That small state revolution in full


You don't have to go far to find someone blaming everything currently wrong with the world on how we liberal (classically so, you know, really liberal) types took a hatchet to the State over the past few decades. If only we hadn'g slashed taxes, hadn't emasculated the public organs, then it would still be there, toweringly strong, to protect us in these storms.

It's a nice idea but this set of numbers from the OECD seems to show that there wasn't in fact any slashing of the state in the first place. Table A is tax revenue as a percentage of GDP from 1975 to 2007, thus leaving out the known collapse in revenues of the last couple of years. Do you know the amazing thing?

The state was larger everywhere in 2007 than it had been in 1975.

In fact, the only number that seems to have fallen over those years is the OECD Americas average, something I'm sure is a result of including Mexico's zero (ie, not available, not no government) in 1975's average.

So, if government hasn't shrunk over that period we cannot really claim, or it cannot be claimed against us either, that the shrinkage of government has caused our current woes.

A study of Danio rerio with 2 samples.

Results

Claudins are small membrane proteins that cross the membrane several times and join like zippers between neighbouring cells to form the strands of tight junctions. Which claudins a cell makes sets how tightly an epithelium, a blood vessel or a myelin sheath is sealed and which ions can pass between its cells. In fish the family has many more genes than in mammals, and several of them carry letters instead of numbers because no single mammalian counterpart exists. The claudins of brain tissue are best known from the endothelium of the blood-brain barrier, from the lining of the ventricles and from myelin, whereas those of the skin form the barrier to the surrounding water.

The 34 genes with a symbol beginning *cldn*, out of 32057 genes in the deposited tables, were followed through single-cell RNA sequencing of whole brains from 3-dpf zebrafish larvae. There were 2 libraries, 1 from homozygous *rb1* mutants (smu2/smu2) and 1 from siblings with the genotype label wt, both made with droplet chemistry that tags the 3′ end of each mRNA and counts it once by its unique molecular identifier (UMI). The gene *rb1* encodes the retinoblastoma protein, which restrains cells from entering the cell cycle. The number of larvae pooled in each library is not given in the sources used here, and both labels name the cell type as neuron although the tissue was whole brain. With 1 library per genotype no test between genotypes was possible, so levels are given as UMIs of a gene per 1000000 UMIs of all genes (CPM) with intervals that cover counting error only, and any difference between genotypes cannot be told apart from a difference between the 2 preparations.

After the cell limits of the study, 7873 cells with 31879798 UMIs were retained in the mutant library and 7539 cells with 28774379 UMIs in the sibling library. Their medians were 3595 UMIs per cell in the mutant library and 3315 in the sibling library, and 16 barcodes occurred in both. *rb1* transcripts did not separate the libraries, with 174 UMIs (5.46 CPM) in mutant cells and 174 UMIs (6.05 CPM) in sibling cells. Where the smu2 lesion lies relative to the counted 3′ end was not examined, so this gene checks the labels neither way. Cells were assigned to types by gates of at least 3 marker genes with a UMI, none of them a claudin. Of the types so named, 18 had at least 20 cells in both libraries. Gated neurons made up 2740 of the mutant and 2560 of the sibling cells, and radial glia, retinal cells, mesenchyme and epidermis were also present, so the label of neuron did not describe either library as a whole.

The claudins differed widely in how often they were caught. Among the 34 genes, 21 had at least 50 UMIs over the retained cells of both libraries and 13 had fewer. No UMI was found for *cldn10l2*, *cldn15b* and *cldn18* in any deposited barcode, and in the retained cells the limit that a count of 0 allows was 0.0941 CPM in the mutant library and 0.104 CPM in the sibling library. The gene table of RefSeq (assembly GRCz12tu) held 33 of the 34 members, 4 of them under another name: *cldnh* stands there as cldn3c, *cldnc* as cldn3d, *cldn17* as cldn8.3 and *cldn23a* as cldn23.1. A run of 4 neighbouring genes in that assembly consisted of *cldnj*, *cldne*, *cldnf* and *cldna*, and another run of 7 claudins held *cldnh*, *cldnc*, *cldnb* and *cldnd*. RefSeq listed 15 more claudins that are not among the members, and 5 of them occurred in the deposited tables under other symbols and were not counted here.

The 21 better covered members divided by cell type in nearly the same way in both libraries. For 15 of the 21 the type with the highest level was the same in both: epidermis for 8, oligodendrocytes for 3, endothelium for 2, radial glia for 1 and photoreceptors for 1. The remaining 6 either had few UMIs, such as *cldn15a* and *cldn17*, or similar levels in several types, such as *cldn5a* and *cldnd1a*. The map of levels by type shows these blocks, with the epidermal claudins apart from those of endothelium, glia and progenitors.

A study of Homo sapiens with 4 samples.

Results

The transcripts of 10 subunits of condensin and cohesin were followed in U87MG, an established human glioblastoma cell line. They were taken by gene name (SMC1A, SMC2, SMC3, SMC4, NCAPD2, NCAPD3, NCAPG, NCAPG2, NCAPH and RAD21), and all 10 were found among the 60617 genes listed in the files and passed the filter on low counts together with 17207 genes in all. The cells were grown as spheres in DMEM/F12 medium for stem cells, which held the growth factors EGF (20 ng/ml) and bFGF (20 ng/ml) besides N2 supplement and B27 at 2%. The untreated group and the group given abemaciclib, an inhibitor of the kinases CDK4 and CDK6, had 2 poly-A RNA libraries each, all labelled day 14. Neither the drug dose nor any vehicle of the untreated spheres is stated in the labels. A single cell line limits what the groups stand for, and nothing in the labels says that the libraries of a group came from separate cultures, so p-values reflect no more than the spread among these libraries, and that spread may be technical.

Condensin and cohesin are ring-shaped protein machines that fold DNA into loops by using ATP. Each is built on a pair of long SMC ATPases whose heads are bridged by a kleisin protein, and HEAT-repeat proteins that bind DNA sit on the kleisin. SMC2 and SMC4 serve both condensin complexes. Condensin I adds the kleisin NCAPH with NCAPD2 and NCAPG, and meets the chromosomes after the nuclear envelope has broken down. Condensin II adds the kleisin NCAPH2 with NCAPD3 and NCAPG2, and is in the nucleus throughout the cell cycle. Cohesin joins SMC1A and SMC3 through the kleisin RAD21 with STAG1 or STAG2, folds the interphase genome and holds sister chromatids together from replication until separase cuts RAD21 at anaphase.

This leaves us with two possible alternative explanations. The first is that it is the increase in government which has caused our problems: this at least has the virtue of aligning with the correlation we see. Or it could be that we've been having less competent government even as we've been having more of it.

Either of which leave us with possible policy paths. The first would be that we actually try to have less government for a few decades and see how that works out: the second with the idea that we should be trying to have more competent government whether we have more or less of it.

Anyone who has any bright ideas on how we do that last though, anyone with any ideas about how we have more competence without having less that government is straining and failing to be competent about, answers on a postcard to 10 Downing Street please.